And I would turn on the TV
But it's so embarrassing
To see all the other peopleI don't even know what they meanAnd it was magic at firstBut let everyone downAnd now this world is gonna hurtYou better turn it aroundTurn it around- Jack Johnson, Cookie Jar
While researching stupid criminals on which to base the crime spree of Betty Corona and Eric Clueless, I came across a great deal of crime which is the opposite of funny. In the glut of horror which news channels drool over in the pursuit of ratings, three stand out.
First, there’s one I’ve heard many people talking about, the 17-year-old whose parents wouldn’t let him have a house party. He decided the thing to do was beat them to death with a hammer and throw a party anyway, with their murdered corpses locked in their bedroom. He told a friend about it during the party, and the friend called 911.
Maybe the murderous teen used the same tone another teen at a different party might use to confide a venial sin; dude, I raided my parent’s liquor cabinet for this; they’re so gonna kill me. Maybe he was bragging. We don’t know yet. He’s not cute like that girl who killed her baby and got away with it, so the spotlight only flickers over him. You can read about his crime and watch videos on websites which make snide comments like it’s more “news of the weird,” the same websites which invite you to vote on celebrity hotness and rate fad diets.
The next is also getting a lot of play, the California woman who cut off her estranged husband’s penis and threw it down a garbage disposal. I was in college when Lorena Bobbit created a national punch line by cutting off John Wayne Bobbit’s penis. He was abusive, beating and raping her over the course of their six-year marriage. On the night in question, he came home drunk, raped her, passed out, and she reacted violently.
By contrast, the California woman drugged her ex, tied him up, waited for him to regain consciousness, then cut his penis off. People seem to be taking this one much more seriously. In 1993, there were a few pundits who did not see the funny. They asked readers to imagine if the roles were reversed; would anyone be laughing if some husband waited for his wife to pass out, then cut her breasts off / sewed her vagina shut / cut her nose off? These few were a minority. Even they conceded that while the reverse was horrific, there was nothing on a woman’s body that had achieved the symbolic status of masculinity (and even abuse) as the penis.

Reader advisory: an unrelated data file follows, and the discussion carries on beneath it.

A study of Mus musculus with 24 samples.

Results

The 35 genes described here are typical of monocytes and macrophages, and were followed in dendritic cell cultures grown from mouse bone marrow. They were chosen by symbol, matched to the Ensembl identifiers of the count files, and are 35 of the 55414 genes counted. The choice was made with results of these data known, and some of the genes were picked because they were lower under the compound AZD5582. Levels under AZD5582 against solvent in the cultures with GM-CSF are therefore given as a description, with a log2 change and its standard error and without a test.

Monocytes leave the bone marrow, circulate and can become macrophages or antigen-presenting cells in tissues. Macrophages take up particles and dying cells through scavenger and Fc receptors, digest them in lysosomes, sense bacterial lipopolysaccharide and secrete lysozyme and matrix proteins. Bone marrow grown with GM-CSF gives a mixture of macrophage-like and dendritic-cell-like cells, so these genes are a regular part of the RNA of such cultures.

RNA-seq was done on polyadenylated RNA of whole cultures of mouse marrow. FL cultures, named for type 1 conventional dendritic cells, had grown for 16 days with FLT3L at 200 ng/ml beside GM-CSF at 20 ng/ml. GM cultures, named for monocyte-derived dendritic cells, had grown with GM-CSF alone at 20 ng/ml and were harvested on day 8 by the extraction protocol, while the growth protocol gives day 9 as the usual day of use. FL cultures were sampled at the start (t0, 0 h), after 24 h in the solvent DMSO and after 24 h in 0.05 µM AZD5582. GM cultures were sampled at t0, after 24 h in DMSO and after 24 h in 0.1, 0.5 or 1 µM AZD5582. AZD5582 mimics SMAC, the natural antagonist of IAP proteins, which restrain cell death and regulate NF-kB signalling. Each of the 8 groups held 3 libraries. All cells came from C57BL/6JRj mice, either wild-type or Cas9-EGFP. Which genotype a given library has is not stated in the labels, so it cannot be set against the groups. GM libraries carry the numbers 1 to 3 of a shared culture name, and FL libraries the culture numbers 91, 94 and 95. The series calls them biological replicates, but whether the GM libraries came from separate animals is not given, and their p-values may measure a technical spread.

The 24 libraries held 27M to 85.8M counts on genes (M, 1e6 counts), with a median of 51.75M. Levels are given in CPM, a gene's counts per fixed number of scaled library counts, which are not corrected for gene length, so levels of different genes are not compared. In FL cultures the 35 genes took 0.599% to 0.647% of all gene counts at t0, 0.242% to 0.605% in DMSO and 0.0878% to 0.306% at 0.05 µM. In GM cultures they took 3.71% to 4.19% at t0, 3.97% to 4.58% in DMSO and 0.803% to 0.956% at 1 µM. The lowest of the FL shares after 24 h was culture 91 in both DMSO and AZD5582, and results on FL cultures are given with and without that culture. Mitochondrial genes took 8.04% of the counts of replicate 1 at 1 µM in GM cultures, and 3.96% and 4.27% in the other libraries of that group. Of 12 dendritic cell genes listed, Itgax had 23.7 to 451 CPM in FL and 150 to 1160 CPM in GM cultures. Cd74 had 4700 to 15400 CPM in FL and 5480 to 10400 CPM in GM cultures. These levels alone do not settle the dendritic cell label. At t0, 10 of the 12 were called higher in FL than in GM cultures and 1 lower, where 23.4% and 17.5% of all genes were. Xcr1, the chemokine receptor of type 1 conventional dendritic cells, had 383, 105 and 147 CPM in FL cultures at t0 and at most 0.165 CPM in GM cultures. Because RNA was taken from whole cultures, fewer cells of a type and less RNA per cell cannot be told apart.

There was no way to prove abuse beyond Lorena’s word, but Bobbit has abused the two wives he’s had since so I think we can agree that Lorena didn’t make it up to avoid conviction. Since we couldn’t be clear on the couple’s dark history, at the time the general reaction was, Hey, the penis got sewn back on - no harm, no foul. Folks want the California woman locked up for life for various offenses, including torture. We don’t know what the history is with the California couple beyond the woman’s curt declaration to the cop who picked her up; “He deserved it.”
Then there was a squib I haven’t heard anyone talking about. A couple of California meth addicts attempted to sell their 6-month-old baby outside of a Walmart for $25. It’s the type of awful crime, the loveless, soulless, everyday atrocity so senseless and terrible you know it will never make a Leno monologue.
Except it does. Snarky bloggers use the $25 dollar Walmart baby as a punchline about rock-bottom pricing. You can envision a world, years from now, so lacking in empathy, so inured to cruelty, that crimes like these become fodder not for anonymous bloggers but are exploited on network TV by beloved comedians. It’s no world you want to be a part of, but you are. You are living in this world, this country, day by day, and every day we lose a little empathy toward our fellow man, every day the collective “norm” takes another step toward a national pychopathy.
Is the world getting worse? In the early 20th century, a woman used a cutting board and a kitchen knife to behead her baby because “I always thought there was something wrong with him.” Now we have Casey Anthony. As far as I can see, atrocity has always been with us. It’s the way we act about it that’s getting me down.
“The way we act, or rather don’t act.” That’s what I wanted to like to write. But we’re beyond not acting. Our attention feeds the machine. By enjoying the 24-hour news coverage - even if your enjoyment is rooting against the criminal, or hoping to see justice done, or marveling at where we stand as a society, you are enjoying the broadcast - we are complicit.